I finished the first drafts of my pirate stories for The Buccaneering Book of Pirates this week, in time to look at the proofs for my third effort for the Collins Big Cats reading scheme. They arrived in the post yesterday, with black and white roughs for the illustrations and a colour copy of the front cover. I really loved that fox on the tree stump. He has a mischievous twinkle in his eyes, and he also looks a bit full of himself. Which he needs to be! This fox is the star of a Chinese folk tale in which he has to use his wits to evade being gobbled up by a tiger.
The fox nearly always plays the part of the trickster and/or the underdog in world myths. In pre-Christain cultures he was seen as a god, or as a demi-god who had access to the same powers as the gods. Because of this, post-Christian narrative tends to see him as devilish, or at least not to be trusted, although he also tends to be the most helpful to other animals. I’ve never come across a folk tale or legend where the fox does harm to human beings.
The gorgeous, clever fox in my story [in my head he’s called Jode, after my gorgeous, clever godson, , although the name doesn’t appear in the final text] is an ordinary fox, living in a forest somewhere in China. But Chinese and Malay mythology is also full of magical foxes, who are nearly always female and, like the Greek gods, can change shape to look like beautiful human beings, ethereal beings, moonbeams or sunbeams and even human breath, presumably on a frosty morning. They are called Huli Jing, and are said to be immortal. Japanese fox spirits are very similar to the Chinese – in fact they might be their oral-culture descendants. They can have up to nine bushy tails and were once said to be the servants and messengers of Inari, the Japanese god of rice. Greedy landlords, vain rulers and deceitful merchants often fall prey to these wonderful, shape-shifting tricksters. Inari’s fox-messengers were always white, a symbol of honesty and goodness. But there are other foxes in Chinese and Asian mythology who are definitely on the dark side. They are werefoxes, intent on prolonging their lives by feasting on living human beings.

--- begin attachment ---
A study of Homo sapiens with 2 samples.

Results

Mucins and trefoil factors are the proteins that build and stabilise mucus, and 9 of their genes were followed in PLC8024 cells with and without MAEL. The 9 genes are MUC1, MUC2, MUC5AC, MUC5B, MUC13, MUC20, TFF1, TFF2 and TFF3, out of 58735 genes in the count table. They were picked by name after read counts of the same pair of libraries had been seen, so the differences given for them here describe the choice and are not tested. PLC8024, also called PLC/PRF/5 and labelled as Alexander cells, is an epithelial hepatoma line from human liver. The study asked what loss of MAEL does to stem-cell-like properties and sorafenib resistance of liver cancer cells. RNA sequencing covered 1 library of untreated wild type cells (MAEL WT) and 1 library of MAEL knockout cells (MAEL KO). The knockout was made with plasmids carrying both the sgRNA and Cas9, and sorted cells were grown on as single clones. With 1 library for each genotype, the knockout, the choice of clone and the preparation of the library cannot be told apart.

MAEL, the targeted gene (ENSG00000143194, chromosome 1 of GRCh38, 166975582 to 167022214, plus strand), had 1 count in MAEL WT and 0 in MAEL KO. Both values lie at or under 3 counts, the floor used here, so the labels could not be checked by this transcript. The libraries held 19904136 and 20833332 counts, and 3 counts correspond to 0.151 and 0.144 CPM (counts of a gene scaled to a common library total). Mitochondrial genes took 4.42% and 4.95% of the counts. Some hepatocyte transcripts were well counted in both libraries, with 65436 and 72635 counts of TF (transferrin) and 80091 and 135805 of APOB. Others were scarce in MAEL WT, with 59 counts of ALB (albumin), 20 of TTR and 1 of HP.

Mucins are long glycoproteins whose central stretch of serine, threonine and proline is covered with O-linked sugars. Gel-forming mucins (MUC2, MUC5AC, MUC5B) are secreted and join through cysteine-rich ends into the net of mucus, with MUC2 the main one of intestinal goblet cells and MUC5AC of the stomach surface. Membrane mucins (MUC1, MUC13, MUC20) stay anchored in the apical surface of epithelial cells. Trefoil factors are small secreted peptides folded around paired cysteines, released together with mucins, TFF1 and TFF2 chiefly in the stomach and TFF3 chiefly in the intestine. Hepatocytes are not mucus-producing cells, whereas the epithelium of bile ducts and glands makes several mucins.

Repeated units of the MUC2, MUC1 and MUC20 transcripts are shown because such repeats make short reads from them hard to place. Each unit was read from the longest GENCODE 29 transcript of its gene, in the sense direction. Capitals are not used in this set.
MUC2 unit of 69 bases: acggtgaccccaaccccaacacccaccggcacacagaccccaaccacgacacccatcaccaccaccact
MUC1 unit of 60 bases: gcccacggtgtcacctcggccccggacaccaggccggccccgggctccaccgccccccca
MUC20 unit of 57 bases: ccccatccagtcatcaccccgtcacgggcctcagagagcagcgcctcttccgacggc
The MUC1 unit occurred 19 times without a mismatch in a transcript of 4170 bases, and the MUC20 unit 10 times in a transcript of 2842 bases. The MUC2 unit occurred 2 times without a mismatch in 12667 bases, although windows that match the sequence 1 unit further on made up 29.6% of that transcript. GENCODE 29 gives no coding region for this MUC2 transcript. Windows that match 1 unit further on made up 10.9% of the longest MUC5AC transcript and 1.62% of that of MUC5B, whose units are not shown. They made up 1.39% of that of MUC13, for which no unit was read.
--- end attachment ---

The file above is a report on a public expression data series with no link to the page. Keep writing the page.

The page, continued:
The fox also appears in European oral traditions and literature. Aesop’s fables feature foxes, and Greek mythology boats the Teumassian fox, a giant vixen who could never be caught. It was created by the gods who wanted to punish the people of Thebes for slighting them. Nordic stories feature Vulpecula. The fox was also protected by Dionysius, and is messenger. Reynard, a trickster par excellence, appears in pan-European stories, including German, Dutch, Italian, English and French. Written stories about him can be traced back to circa 1174 when Pierre de St. Cloud’s Roman de Reynard was first published in instalments. He even appears in Chaucer’s Canterbury Tales, as Rossel, in The Nun Priest’s Tale.
In The US, the fox is known as Brer Fox. His Native American cousin is Coyote, who is not only a trickster but also possesses magical powers. Latin and South American stories too feature trickster foxes, often with bushy red tails and the gift of the gab. It is said in Asian mythology that foxes and men have always shared space and lived together. Perhaps it’s this proximity that makes the fox such a beguiling figure in our imagination and world-culture.
You can read some fox stories in my version of Aesop’s Fables, published by Kingfisher in the UK and US. The King of the Forest will be published by harpercollins in 2013.